On Monday, Theresa May ran from Jeremy Corbyn’s no-confidence motion – first literally and then by refusing to allow parliamentary time for it.
At the same time, leaders of other parties attempted to hijack it by turning it into a full motion against the government in a transparent attempt to force Corbyn to contest an unwinnable motion so they can move to what they think is the main course – pushing for another referendum, which they arrogantly call a “people’s vote”, as if people didn’t vote the first time.
To underpin these blatant tactics, the Establishment media and centrist politicians have attempted to create an impression that a no-confidence motion is a ‘once and done’ affair – that Corbyn only has one shot at it and his determination to wait until after the vote on May’s dismal excuse for a Brexit deal is a sign of weakness, prevarication or selfish politics.
But this is simply untrue. Under the Fixed Term Parliaments Act (FTPA), there is no limit to how many times the Opposition can table a motion of no confidence in the government.
Nor is there any convention or precedent that an Opposition can only do so once.
In fact, contrary to the image painted by the Establishment that she was some irresistible political force in her time, Margaret Thatcher contested no fewer than six confidence motions against the Labour government as Opposition leader in just three years, before she eventually won one:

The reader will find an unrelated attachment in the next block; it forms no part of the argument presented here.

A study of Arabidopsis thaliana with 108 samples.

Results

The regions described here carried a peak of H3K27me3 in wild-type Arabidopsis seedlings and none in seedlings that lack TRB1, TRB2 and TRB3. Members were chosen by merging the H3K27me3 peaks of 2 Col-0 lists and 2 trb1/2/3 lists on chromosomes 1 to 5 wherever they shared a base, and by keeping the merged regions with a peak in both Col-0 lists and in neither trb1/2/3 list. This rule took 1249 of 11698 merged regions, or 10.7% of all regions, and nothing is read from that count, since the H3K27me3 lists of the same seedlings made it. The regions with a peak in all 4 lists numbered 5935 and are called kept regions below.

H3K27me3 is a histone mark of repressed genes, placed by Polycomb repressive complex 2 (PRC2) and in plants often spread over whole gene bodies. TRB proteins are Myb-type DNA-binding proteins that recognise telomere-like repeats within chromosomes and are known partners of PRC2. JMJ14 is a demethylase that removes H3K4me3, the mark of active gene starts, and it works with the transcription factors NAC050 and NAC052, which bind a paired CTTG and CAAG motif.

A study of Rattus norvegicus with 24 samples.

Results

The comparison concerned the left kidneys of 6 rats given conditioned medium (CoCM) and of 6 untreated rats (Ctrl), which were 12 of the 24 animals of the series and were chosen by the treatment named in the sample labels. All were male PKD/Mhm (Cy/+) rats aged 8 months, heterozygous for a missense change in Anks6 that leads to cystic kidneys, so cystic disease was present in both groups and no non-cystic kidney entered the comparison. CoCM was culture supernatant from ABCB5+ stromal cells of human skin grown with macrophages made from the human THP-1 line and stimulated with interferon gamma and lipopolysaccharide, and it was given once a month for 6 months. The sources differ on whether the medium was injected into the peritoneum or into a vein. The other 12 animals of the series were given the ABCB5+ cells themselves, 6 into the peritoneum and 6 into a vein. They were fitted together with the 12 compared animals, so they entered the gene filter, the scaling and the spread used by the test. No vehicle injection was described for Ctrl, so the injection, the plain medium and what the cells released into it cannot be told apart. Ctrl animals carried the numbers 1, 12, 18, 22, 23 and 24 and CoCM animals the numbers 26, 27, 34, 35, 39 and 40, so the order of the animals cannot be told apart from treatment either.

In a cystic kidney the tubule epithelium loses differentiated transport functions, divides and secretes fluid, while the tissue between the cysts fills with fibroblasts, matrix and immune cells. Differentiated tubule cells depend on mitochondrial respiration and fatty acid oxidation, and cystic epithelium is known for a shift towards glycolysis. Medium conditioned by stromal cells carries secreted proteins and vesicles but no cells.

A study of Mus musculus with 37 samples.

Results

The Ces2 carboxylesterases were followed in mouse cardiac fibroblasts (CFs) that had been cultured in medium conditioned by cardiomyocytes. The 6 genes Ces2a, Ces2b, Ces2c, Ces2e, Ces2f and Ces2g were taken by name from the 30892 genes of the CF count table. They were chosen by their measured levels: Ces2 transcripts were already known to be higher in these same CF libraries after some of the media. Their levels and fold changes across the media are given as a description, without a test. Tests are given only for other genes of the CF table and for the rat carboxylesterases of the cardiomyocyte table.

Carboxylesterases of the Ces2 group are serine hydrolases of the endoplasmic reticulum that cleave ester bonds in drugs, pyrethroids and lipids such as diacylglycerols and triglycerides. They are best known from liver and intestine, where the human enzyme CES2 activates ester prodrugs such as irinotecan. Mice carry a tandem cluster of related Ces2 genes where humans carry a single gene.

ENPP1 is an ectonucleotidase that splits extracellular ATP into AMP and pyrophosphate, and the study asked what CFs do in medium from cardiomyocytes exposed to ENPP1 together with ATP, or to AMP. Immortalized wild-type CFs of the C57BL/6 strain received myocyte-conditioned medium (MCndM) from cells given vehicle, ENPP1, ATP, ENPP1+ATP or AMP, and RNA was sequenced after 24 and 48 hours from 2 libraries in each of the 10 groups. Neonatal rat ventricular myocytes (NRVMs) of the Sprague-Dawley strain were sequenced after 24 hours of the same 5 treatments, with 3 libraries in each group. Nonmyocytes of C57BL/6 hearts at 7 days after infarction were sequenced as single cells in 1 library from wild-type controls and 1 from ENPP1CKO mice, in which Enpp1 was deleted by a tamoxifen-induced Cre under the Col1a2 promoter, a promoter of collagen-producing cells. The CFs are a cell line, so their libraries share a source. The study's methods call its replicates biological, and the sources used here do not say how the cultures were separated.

And she only won the sixth because PM Jim Callaghan refused to allow a dying MP to attend the Commons to vote. Callaghan’s government lost by a single vote – 311 to 310 – and resigned.
Corbyn can bring as many such motions under the FTPA as he wishes. He is not hiding from a vote – he is rightly timing it for the optimal chance of victory at the first attempt.
The UK doesn’t have three years for no-confidence motions before Britain is condemned to a dire Tory Brexit. The millions of people suffering poverty and despair under Tory policies cannot bear three more years of attempts.
By timing his move for the maximum chances of success the first time, Corbyn is doing his duty to the country, rather than taking the easy route.
Those trying to force his hand prematurely – and May running scared – are playing politics at the expense of the nation for the sake of their own careers and agendas.